How do you know the Common Core is in trouble? You could religiously follow the news in New York, Indiana, Florida, and many other states. Or you could read just two new op-eds by leading Core supporters who fear their side is getting bludgeoned. Not bludgeoned in the way they describe -- an education hero assaulted by kooks and charlatans -- but clobbered nonetheless. As Delaware governor Jack Markell (D) and former Georgia governor Sonny Perdue (R) put it:
This is a pivotal moment for the Common Core State Standards.
Although 45 states quickly adopted the higher standards created by governors and state education officials, the effort has begun to lose momentum. Some are now wavering in the face of misinformation campaigns from people who misrepresent the initiative as a federal program and from those who support the status quo. Legislation has been introduced in at least 12 states to prohibit implementation and states have dropped out of the two major Common Core assessment consortia.
Sadly, Markell and Perdue's piece, and one from major Core bankroller Bill Gates, illustrate why the Core may well be losing: Defenders offer cheap characterizations of their opponents while ignoring basic, crucial facts. Meanwhile, the public is learning the truth.
Both pieces employ the most hulking pro-Core deception, completely ignoring the massive hand of Washington behind state Core adoption. For all intents and purposes, adoption was compulsory to compete in the $4.35-billion Race to the Top program, a part of the "stimulus" at the nadir of the Great Recession. While some states may have eventually adopted the Core on their own, Race to the Top was precisely why so many "quickly adopted the higher standards." Indeed, many governors and state school chiefs promised to adopt the Core before it was even finished. Why? They had to for Race to the Top! And let's not pretend federal coercion wasn't intended all along: In 2008 the Core-creating Council of Chief State School Officers and National Governors Association published a report calling for just such federal pressure.
The coercion didn't stop with the Race, though. If states wanted waivers from the despised No Child left Behind Act, their only choices were take the Core or have their largest state college system declare their standards "college- and career-ready." Oh, and the Feds selected consortia to write national tests to go with the Core.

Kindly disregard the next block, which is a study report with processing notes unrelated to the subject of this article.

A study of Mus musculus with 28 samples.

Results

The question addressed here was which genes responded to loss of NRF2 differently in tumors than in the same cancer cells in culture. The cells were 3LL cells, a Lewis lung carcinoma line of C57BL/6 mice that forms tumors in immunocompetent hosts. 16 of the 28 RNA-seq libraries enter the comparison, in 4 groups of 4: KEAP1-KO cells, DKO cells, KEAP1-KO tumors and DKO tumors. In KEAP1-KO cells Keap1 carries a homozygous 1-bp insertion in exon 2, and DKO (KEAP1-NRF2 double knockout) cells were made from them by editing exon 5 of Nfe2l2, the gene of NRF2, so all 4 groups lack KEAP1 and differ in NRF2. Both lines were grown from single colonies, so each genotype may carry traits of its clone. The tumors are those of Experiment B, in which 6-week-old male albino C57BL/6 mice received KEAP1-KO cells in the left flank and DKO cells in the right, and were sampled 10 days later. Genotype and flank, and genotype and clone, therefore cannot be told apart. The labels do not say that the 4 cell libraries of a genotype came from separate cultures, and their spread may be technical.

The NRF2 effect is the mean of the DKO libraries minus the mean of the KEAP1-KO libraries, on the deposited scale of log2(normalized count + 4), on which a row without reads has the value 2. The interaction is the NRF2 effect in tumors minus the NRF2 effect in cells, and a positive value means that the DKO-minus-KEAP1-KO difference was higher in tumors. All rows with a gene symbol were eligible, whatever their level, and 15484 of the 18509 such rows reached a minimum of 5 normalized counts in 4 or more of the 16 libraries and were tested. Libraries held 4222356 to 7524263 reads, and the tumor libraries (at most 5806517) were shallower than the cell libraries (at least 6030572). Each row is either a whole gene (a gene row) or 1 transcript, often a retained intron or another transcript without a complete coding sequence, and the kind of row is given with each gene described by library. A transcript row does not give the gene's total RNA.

These aren't minor details. They are absolutely central facts about what happened, and failing to even mention them screams "dodge, dodge, dodge!" Making matters worse, Core defenders seem to revel in calling their adversaries "misinformed," or purveyors of "myths," while they pretend basic reality never happened.
The problems go on. Gates, for instance, suggests we need national standards because "Americans move more than 10 times over the course of a lifetime." But Gates' source indicates the average American younger than 18 will only move 2.6 times, and deeper mobility data show the large majority of moves are in-state. Since all states have their own standards, even among movers very few lose standards "consistency."
Then there is the question of whether the Core is "standards" or "curriculum." Both pieces insist it is the former, as if the whole idea of the Core weren't to direct what schools teach -- curricula. But suppose one were to ignore that. Is it true, as Gates writes, that the Core is just "a blueprint of what students need to know, but they have nothing to say about how teachers teach that information"?
While the degree of specificity varies between the language arts and math standards, at least in math the Core doesn't just say what students should be able to do. It prescribes how. Look at the 3rd grade standards, which don't just say students should be able to multiply or divide, but do so using "arrays, and area models." Moreover, it is ultimately what gets tested that gets taught, and the federally funded Core tests are coming next school year.
Strangely, Markell and Perdue escalate the curriculum debate to a whole new level, insisting not just that the Core leaves local districts in charge of curriculum, but crediting it with encouraging innovative lessons. Among their anecdotes: Elementary schools in Delaware are teaching physics by having kids build "toy sail cars." The only problem? Physics for elementary kids isn't even in the Core!
Core supporters are waking up to the fact their project in trouble. Unfortunately, they seem happy to let crucial facts, and civil debate, continue to slumber.